So here is my little dilemma.   We live in the states and my entire family is from Costa Rica.  I was raised bilingual and my first language was in fact Spanish. My son is 2 and has been learning my native language, Spanish, since birth.  The way I’ve be going about this is basically to speak to him in nothing but Spanish and my husband speaks to him in English.  He truly is growing up bilingual.  However, there are certain words that he refuses to say in Spanish such as “gracias”.  When I tell him, “diga gracias” he will answer, “thank you”.  And each time I repeat myself in Spanish, he does the same in English, almost like he’s taunting me because he knows I want him to say it in Spanish.  He does the same thing with mariposa/butterfly and vaca/cow as well as a few other words.  When I tell him to say vaca, he will continue to say over and over “cow cow cow”.  It’s cute, but frustrating at times.  It seems obvious to me that he is in fact translating what I’m teaching him, but how do I get him to actually say them in Spanish?  Any advice would be appreciated.

  Reply with quote  #2 
Dear Susie,

your son is only “testing” you. He is trying to understand how consistent you are. He is doing it with language, but if you look more carefully, you will notice that soon he will try also to do it in other fields. I remember clearly that for a couple of weeks my daughter refused to give me her hand crossing the road when she was 2. Once she understood that there was no point because I wouldn’t let her cross without holding hands, she gave up that test … and found something else, of course!
My suggestion is don’t give up. Continue to tell him the Spanish words and ask him to repeat them. Even if he won’t do it at first, he will understand that you are clear in your requests and consistent in your behavior. This will show him that he can count on you, because you are not going to change your mind or give in and let him “win.” This applies to many more issues than his language: it will show him you are also clear about issues like right vs. wrong and build his trust in you for the long term.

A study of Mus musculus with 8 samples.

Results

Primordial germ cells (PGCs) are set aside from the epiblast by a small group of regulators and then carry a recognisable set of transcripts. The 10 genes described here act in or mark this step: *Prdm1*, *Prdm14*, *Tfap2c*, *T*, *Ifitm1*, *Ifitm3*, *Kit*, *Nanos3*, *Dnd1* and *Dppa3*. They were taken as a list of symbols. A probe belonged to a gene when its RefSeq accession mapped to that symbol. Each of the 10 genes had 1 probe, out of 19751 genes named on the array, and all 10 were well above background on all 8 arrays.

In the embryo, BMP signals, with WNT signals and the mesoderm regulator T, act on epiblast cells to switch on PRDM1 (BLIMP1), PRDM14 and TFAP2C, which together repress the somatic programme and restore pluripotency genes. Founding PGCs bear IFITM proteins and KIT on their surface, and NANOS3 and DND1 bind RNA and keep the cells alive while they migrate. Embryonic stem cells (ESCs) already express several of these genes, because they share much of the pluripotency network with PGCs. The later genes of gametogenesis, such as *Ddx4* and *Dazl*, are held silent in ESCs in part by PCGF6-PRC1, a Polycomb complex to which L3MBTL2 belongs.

Try also to organize soon a trip in a Spanish speaking country and let him notice that nobody understand English …. especially children. I’m sure it will help, too.

Good luck


Phyllis Foundis
  Reply with quote  #3 
Thanks for this fantastic question – you read my mind. I have a sparkling little 2 year old boy who has fantastic comprehension of Greek and English. Even from when he was still in the womb, I spoke Greek to him – and still do. My husband only speaks to him in English. This works really well for us since my husband has a very solid understanding of Greek (he says he won’t reveal how much he knows!). Anyway… in the last couple of weeks, my son has started to say – CAR, DOOR, BEAR and THERE – all in English. I’m trying to be encouraging, because I really want him to start speaking and communicating with us – and it’s all very cute to hear. But at the same time, it’s frustrating because I can’t wait to hear some ‘payback’ for all the passion I’ve showed in teaching my son Greek. When he says DOOR, I smile brightly and say yes, PORTA (in Greek) and then he repeats it again and again. But I don’t think he’s teasing me. The same goes for BEAR, CAR and THERE. I understand the need for consistency, but aren’t I confusing him by saying the word PORTA each time he says DOOR again and again? Or should I just be patient and believe that right now he’s only going for the easy-to-say words which happen to be English. Is this a time thing?
  Reply with quote  #4 
First of all, thanks for all the advice. 

Here’s my little update.  Keeping to Francesca’s advice, as well as my parents advice….consistency is the key!  Phyllis…trust me when I say, you are not confusing him!!  My son since then, does what I ask.  It’s almost as if he went through a time of testing and when I didn’t waiver, he folded!  Now…he says “gracias” and “vaca” with no problem!  He may tell me thank you from time to time, but then I’ll ask him, how do you say that (most recently asking how is that said in Spanish), and he will quickly correct it to what I want him to say.  So trust me, you will one day reap the rewards of your hard earned paycheck!!!!

All the patience…

Susie (~.~)
Phyllis Foundis
  Reply with quote  #5 
Fabulous encouragement, thank you Susie. How wonderful it is to speak with likeminded parents about raising bilingual children. I’ll keep coming back here. Gracias again Susie. Adios for now! x
  Reply with quote  #6 

So, it’s been more almost a year since my last post and I have to tell you that Ian is now speaking both Spanish and English with flying colors!!!  I have managed to find a channel called V-me on Dish Network that has shows in Spanish and he watches those.  Believe it or not, but he’s learned words that I haven’t taught him, but that he learned from t.v.  It’s funny to hear him say things such as “perfecto” (perfect) and disculpe (pardon me).  He really is a smart kid.  I’m so glad that he will have such great opportunities in life as well as know the culture in which he came from and be able to relate to those strong roots!